Help at Spires for heart attack victims

Staff and sales assistants at the Spires shopping centre are keen to publicise the location of a defibrillator that has been installed at the High Street entrance with the help of a £500 donation from the Barnet Residents Association.

Already many of those employed at the centre have been trained to operate a defibrillator and they hope shoppers and passers by will make a note of its location and take time to read the instructions.

If a member of staff is not available – and the defibrillator can be accessed even when the Spires is closed – all it needs is a 999 call to get the code to unlock the equipment and start resuscitation.

The installation of the defibrillator is just one of the community-inspired initiatives of the Spires management.  Another is a ping-pong lounge free for the use of local youngsters.

Fern Golder, the Spires’ centre administrator, said the two table-tennis tables inside a vacant shop unit have been in almost constant use since they were set up last year, and they have been much appreciated by local children and pupils at nearby schools and Barnet College.

Ms Golder (23) who has an Institute of Occupational Safety and Health certificate, is among the Spires’ staff who have been trained to use the defibrillator.

Two Queen Elizabeth’s School pupils, Kush Popat (left) and Nikhil Nema, at the Spires’ ping-pong lounge Two Queen Elizabeth’s School pupils, Kush Popat (left) and Nikhil Nema, at the Spires’ ping-pong lounge It has been installed beside the lift entrance, just after Carluccio’s, and can be accessed even when the centre is closed, and the shutters are down.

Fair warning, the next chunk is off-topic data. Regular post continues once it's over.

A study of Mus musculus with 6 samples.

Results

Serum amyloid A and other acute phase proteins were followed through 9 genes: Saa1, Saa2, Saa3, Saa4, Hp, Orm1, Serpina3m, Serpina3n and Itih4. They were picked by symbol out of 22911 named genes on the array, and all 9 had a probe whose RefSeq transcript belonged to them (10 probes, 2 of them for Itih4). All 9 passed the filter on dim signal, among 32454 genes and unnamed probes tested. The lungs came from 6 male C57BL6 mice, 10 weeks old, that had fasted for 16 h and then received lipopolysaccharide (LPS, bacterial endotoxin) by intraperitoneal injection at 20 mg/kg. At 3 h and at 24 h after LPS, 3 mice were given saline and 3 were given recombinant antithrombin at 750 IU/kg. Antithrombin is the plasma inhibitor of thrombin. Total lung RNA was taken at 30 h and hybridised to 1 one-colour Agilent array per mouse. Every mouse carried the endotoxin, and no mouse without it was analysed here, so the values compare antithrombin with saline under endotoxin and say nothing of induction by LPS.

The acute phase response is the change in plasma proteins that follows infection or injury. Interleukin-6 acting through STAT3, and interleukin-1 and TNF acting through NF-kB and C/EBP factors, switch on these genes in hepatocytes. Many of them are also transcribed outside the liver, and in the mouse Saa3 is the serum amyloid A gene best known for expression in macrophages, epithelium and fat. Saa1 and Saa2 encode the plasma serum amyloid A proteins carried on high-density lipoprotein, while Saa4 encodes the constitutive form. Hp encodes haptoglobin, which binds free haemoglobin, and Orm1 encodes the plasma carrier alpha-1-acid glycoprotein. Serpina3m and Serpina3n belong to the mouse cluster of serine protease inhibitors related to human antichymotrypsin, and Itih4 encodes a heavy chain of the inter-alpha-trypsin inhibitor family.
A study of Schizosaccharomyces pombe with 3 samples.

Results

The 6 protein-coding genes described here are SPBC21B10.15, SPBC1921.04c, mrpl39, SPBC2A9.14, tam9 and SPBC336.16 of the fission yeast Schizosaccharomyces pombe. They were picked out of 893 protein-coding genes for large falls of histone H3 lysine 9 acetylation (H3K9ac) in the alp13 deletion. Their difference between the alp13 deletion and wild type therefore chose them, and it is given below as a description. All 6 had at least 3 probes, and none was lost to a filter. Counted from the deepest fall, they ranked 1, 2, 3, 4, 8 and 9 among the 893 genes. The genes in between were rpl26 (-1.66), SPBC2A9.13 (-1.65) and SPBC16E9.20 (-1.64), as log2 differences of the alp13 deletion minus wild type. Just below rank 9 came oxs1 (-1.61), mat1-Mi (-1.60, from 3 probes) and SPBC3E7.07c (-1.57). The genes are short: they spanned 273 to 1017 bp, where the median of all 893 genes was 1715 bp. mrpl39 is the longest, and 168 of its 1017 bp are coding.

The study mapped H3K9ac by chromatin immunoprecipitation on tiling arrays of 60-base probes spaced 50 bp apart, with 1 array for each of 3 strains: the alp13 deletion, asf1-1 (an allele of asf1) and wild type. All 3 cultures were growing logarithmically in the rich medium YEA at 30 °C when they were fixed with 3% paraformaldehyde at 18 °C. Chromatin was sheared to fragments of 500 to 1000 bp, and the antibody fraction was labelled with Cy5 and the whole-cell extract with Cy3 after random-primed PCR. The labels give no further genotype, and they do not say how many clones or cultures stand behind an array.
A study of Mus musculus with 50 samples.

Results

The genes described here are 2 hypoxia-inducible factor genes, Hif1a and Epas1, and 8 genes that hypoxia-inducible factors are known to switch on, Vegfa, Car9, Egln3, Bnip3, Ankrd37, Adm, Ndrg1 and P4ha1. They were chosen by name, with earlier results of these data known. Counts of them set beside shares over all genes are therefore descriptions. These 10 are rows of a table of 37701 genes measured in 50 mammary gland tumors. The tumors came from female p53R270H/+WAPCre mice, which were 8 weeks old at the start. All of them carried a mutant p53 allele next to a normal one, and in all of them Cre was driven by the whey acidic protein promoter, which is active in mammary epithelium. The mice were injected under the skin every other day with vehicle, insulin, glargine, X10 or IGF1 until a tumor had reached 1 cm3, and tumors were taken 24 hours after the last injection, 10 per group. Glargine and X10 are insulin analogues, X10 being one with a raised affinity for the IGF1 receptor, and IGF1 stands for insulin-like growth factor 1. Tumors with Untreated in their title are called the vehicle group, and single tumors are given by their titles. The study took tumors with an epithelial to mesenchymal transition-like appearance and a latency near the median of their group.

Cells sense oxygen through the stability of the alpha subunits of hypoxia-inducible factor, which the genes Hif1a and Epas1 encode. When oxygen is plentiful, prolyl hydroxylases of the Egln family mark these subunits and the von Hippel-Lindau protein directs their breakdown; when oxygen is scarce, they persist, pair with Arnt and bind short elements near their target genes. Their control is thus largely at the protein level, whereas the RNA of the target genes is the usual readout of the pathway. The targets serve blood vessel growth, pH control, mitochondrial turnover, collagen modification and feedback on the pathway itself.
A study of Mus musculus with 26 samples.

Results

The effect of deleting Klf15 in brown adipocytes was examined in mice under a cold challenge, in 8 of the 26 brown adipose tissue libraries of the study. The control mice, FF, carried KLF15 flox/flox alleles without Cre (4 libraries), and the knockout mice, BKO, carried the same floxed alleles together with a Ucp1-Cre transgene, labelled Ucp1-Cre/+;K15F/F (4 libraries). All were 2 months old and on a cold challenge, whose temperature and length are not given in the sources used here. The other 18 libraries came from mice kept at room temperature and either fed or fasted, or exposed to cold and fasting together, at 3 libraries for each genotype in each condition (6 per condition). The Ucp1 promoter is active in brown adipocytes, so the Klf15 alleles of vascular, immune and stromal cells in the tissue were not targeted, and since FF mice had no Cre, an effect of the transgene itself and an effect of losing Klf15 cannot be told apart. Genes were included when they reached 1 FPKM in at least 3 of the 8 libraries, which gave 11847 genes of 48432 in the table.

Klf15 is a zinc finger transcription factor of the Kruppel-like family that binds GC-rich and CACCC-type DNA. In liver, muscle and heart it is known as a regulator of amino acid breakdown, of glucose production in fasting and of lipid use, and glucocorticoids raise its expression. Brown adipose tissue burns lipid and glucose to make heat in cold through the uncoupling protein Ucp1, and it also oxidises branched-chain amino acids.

“If there are none of the trained staff around, all you have to do is ring 999, say the location and the operator gives the code to open it up.

“Once you take out the defibrillator there are voiced instructions telling you where to place the pads on the person whose had the cardiac arrest and how to administer the shock need for resuscitation.”  

Only ten per cent of people survive a sudden cardiac arrest – and 84 per cent of cases occur outside a health care setting – but when a defibrillator is used it can increase the chances of survival by 74 per cent.

Committee member Janet Littlewood suggested Barnet Residents Association should take the lead in asking the Spires to install a defibrillator.

“Her initiative was enthusiastically supported by the Spires’ management and there is a small plaque above the defibrillator recognising this joint initiative.  As far as we know, this is the first publicly available machine in our town centre,” says the association’s newsletter.